Wall St treads water despite surge in M&A

THE S&P 500 eked out a small gain for a third straight session yesterday, helped by a flurry of merger activity, though investors see no catalysts to lift the market further with major averages near multi-year highs.

The market’s slowed advance took the S&P 500 to its highest intraday level since November 2007 on Wednesday. While the index notched its third straight day of gains, none was more than 0.2 per cent.

Shares of H.J. Heinz jumped 20 per ent to $72.50 after it said Warren Buffett’s Berkshire Hathaway and 3G Capital will buy the food company for $72.50 a share, or $28bn including debt. Berkshire’s class B shares rose 1.3 per cent to $99.21.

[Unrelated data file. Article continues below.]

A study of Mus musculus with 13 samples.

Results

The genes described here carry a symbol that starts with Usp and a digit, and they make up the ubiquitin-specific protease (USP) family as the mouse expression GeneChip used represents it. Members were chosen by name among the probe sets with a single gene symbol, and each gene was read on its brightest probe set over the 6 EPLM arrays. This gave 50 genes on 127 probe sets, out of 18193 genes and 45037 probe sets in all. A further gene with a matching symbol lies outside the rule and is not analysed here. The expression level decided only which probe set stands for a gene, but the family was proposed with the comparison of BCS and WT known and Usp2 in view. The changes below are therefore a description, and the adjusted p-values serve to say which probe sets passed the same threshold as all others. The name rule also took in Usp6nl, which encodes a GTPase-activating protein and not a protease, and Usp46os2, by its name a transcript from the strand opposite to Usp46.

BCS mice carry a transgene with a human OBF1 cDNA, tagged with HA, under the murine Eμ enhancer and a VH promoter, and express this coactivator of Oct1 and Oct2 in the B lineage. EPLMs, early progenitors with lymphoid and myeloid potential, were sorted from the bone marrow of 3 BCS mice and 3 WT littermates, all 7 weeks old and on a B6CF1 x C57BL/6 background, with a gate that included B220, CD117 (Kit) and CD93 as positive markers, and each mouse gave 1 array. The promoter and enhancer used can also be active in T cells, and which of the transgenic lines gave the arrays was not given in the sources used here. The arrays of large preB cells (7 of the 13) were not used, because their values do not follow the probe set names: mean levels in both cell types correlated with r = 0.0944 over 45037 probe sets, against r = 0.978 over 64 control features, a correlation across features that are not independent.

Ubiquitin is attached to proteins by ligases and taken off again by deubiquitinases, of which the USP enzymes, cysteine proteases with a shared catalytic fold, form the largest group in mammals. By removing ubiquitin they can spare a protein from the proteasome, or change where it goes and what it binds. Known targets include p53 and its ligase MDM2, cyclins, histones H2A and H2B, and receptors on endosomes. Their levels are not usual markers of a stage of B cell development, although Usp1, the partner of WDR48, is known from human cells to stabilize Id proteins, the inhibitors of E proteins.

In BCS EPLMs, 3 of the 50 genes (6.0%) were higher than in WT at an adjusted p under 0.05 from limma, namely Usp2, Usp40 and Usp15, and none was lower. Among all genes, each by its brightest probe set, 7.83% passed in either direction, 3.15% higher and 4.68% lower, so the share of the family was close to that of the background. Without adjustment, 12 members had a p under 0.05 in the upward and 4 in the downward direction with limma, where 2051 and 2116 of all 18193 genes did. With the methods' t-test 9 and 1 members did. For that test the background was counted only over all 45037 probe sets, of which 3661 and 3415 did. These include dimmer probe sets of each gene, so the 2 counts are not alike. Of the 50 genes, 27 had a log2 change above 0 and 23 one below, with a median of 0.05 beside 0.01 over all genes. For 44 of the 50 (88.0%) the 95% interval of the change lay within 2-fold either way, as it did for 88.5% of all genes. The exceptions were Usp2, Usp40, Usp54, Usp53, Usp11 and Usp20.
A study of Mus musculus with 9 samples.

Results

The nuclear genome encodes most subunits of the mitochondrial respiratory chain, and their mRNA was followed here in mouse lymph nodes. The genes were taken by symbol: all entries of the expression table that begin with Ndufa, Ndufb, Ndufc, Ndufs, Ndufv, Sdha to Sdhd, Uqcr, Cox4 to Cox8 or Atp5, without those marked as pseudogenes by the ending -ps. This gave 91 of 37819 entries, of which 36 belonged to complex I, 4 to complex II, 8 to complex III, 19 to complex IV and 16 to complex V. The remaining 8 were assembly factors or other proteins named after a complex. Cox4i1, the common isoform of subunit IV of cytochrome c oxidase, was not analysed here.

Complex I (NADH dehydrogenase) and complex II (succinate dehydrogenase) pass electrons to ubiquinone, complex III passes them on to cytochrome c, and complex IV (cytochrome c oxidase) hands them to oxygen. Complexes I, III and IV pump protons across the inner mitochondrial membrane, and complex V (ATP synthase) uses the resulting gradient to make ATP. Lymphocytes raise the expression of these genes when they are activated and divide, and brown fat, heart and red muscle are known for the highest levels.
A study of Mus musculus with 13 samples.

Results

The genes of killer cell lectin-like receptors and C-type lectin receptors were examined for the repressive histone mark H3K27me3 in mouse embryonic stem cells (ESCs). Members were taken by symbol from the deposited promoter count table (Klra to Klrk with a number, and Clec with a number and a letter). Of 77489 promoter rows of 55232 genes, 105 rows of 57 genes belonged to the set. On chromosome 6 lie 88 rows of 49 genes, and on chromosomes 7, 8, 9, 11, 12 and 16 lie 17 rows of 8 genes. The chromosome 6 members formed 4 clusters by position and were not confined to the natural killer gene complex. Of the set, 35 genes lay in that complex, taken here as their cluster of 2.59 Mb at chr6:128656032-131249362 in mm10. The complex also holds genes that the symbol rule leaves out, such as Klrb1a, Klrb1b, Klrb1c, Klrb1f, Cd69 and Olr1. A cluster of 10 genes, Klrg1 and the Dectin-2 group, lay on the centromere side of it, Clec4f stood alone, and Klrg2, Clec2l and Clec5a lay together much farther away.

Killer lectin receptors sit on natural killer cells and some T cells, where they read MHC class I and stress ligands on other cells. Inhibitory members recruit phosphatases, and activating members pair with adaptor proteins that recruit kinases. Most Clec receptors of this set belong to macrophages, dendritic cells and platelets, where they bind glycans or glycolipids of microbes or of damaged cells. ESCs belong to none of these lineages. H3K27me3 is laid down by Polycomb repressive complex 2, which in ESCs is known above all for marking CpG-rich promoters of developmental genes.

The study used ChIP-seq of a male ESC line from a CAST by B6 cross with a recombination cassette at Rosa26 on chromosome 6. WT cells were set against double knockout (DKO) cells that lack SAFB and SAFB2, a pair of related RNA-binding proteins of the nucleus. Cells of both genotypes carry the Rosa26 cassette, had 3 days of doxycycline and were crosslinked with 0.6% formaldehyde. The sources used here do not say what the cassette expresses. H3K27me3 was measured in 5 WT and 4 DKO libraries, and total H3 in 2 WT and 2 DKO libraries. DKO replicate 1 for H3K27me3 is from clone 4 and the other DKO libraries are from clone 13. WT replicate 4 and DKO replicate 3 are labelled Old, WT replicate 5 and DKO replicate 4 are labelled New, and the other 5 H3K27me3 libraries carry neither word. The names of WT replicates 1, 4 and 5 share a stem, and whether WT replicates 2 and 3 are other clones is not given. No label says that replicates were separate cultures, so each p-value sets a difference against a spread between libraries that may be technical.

Also supporting the market was data showing the number of Americans filing new claims for unemployment benefits fell more than expected in the latest week. The CBOE Volatility index fell 2.4 per cent, dropping to 12.67.

Stocks fell earlier after a report the Eurozone’s gross domestic product contracted by the steepest amount since the first quarter of 2009. In addition, Japan’s GDP shrank 0.1 per cent in the fourth quarter, crushing expectations of a modest return to growth.

The Dow Jones industrial average was down 9.52 points, or 0.07 per cent, at 13,973.39. The Standard & Poor’s 500 Index was up 1.05 points, or 0.07 per cent, at 1,521.38. The Nasdaq Composite Index was up 1.78 points, or 0.06 per cent, at 3,198.66.

Constellation Brands soared 37 per cent to $43.75 after AB InBev’s deal to take over Mexican brewer Grupo Modelo was revised to grant Constellation perpetual rights to distribute Corona and other Modelo brands in the United States. US shares of AB InBev gained 5.1 per cent to $92.77.